Rosemary Steup, Lee Her, Minjung Noh and Yatma Diop are all members of the Advancing Future Faculty Diversity Postdoctoral Program. (Courtesy of Marci Levine)

Post-graduate program uplifts diverse future faculty


Launched last year, the Advancing Future Faculty Diversity Postdoctoral Program welcomed its first cohort of six post-doctorates on campus this fall. The program is “A Lehigh for Everyone” initiative, which is a part of Lehigh’s Strategic Plan.

Five faculty members collaborated to write the proposal for the program in 2020 as part of the university’s call to make Lehigh an anti-racist university in the wake of the murder of George Floyd.

According to the Lehigh ADVANCE Center for Women in STEM Faculty, the program “seeks applications from outstanding scholars with diverse backgrounds and perspectives who plan to pursue a career in the professoriate.”

Joan Ramage, a member of the team that created the program, said one of the issues facing the university is that Lehigh’s faculty does not reflect the diversity of society at large or even the undergraduate and graduate students currently at Lehigh.

Larry Snyder, deputy provost for faculty affairs, said insufficient diversity in the academic setting is often a result of women and people of color often being met with a hostile work environment.

“This postdoc program is a way of helping Lehigh become more of a place where we welcome everyone from academia and from a diverse range of backgrounds,” Snyder said.

Ramage said the program is designed to be a positive professional opportunity and a supportive mentorship for scholars with diverse backgrounds and perspectives before having a faculty position.

According to the center, “Following a successful postdoctoral experience, each scholar may be considered for an assistant professor position in the relevant department at Lehigh (or is expected to apply for positions at other institutions).”

Yatma Diop, a College of Education postdoctoral scholar, said the transition from postgrad to a faculty position is challenging, especially for international students.

He said the program is great because it brings people from diverse cultural backgrounds to Lehigh and trains them so they are prepared for academic positions.

To get accepted into the program, scholars follow a similar interview process to that for a professor position, with one full day of interviews.

Ramage said the scholars are evaluated as though they were applying to be faculty members, which is more difficult than a typical postdoc review process.

But before post-doctorates can apply, departments must submit proposals that demonstrate their potential to grow into high-quality mentoring programs and their culture for retention and success.

Lee Her, a second language studies postdoctoral scholar, said she applied to the program because of the opportunity to be mentored by Sara Kangas, a special education professor.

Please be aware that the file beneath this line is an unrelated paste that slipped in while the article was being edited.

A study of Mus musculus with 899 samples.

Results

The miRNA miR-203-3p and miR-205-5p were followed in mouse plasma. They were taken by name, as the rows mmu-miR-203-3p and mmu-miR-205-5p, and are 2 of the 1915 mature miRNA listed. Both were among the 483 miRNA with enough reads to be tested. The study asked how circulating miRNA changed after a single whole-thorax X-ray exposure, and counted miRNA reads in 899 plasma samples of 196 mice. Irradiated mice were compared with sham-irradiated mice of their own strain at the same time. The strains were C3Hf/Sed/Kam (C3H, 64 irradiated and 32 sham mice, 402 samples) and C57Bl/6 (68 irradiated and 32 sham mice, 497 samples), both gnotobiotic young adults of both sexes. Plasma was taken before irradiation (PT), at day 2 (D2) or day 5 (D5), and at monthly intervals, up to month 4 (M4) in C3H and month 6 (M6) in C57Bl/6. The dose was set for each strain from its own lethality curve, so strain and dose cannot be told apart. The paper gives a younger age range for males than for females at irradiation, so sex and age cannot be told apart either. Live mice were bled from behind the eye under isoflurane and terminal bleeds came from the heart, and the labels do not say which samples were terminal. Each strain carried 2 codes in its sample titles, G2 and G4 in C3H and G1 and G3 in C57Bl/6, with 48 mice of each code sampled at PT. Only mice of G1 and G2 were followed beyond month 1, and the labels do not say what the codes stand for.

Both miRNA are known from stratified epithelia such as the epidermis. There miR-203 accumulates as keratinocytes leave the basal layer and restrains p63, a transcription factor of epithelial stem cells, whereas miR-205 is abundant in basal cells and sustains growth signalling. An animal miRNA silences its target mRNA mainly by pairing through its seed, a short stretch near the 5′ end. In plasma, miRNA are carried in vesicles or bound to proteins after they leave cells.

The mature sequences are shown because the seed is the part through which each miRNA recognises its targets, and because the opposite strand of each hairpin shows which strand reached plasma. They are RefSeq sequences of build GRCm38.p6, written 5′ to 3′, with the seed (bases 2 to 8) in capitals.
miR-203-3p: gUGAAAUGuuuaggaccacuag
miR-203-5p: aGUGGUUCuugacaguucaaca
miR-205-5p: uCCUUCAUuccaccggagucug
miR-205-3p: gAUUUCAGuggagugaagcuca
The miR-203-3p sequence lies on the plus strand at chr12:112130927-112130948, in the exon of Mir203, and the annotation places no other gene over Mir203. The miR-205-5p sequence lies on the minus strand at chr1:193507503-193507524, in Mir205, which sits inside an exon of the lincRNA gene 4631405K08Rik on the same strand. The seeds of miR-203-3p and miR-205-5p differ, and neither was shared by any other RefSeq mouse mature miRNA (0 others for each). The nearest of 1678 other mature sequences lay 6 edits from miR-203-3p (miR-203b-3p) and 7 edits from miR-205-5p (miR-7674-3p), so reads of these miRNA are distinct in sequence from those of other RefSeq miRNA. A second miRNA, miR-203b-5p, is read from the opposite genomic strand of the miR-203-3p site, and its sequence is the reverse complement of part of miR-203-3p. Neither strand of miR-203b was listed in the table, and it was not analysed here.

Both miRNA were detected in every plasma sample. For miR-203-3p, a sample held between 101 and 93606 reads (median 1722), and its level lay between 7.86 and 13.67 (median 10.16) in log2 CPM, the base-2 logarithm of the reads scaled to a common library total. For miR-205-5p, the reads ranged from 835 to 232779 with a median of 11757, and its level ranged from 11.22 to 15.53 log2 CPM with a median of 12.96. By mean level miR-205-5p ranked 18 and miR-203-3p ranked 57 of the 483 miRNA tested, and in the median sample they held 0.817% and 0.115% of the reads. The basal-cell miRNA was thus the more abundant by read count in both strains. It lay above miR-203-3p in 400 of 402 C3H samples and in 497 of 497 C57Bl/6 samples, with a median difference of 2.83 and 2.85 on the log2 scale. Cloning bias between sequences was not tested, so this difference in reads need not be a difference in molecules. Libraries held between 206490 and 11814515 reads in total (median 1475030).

“I really wanted to work with Sara Kangas because she has been very successful with getting the grants that I am interested in,” Her said. “That is something we are working on which is really big for my professional development goals.”

Rosemary Steup, a computer science and engineering scholar, said she has been treating the program as an internship for a professorship.

“I am getting a feel for what it would be like to be a professor at Lehigh,” Steup said.

She said she has the opportunity to practice teaching, do research, mentor Ph.D. students and write grants.

The scholars spend their first semester researching and teach one class in the spring.

Minjung Noh, a religion studies postdoctoral scholar, said the teaching load is lower in this postdoctoral program than in other programs, which gives her more time to write and work on her manuscript.

Noh said she brought the first chapter of her manuscript to a brown bag workshop, where she got feedback from the religion studies, Africana studies, and sociology and anthropology faculty.

“I am now integrating those comments into my revisions,” she said. “I am happy that I can melt into this nice community of scholars.”

She said she is excited to teach religion in a global context in the spring.

Diop, while working on his research, is creating a cultural diversity in human development research course for the spring semester.

He said the opportunities to research and teach will prepare him to be more competitive when he applies for assistant professorship positions.

Snyder said Lehigh is hopeful about the program and expects the first cohort of postdoctoral scholars will be successful in becoming faculty members at Lehigh.

Ramage said the goal of the program is for scholars to feel like they were a part of a welcoming and inclusive climate and are prepared for faculty positions, whether or not they stay at Lehigh.

“We commit to give them the opportunity to be considered for a faculty member,” Ramage said. “If they chose to go to another institution but had a positive experience at Lehigh, that is also a positive outcome.”

The next round of applications for the program opens Dec. 15.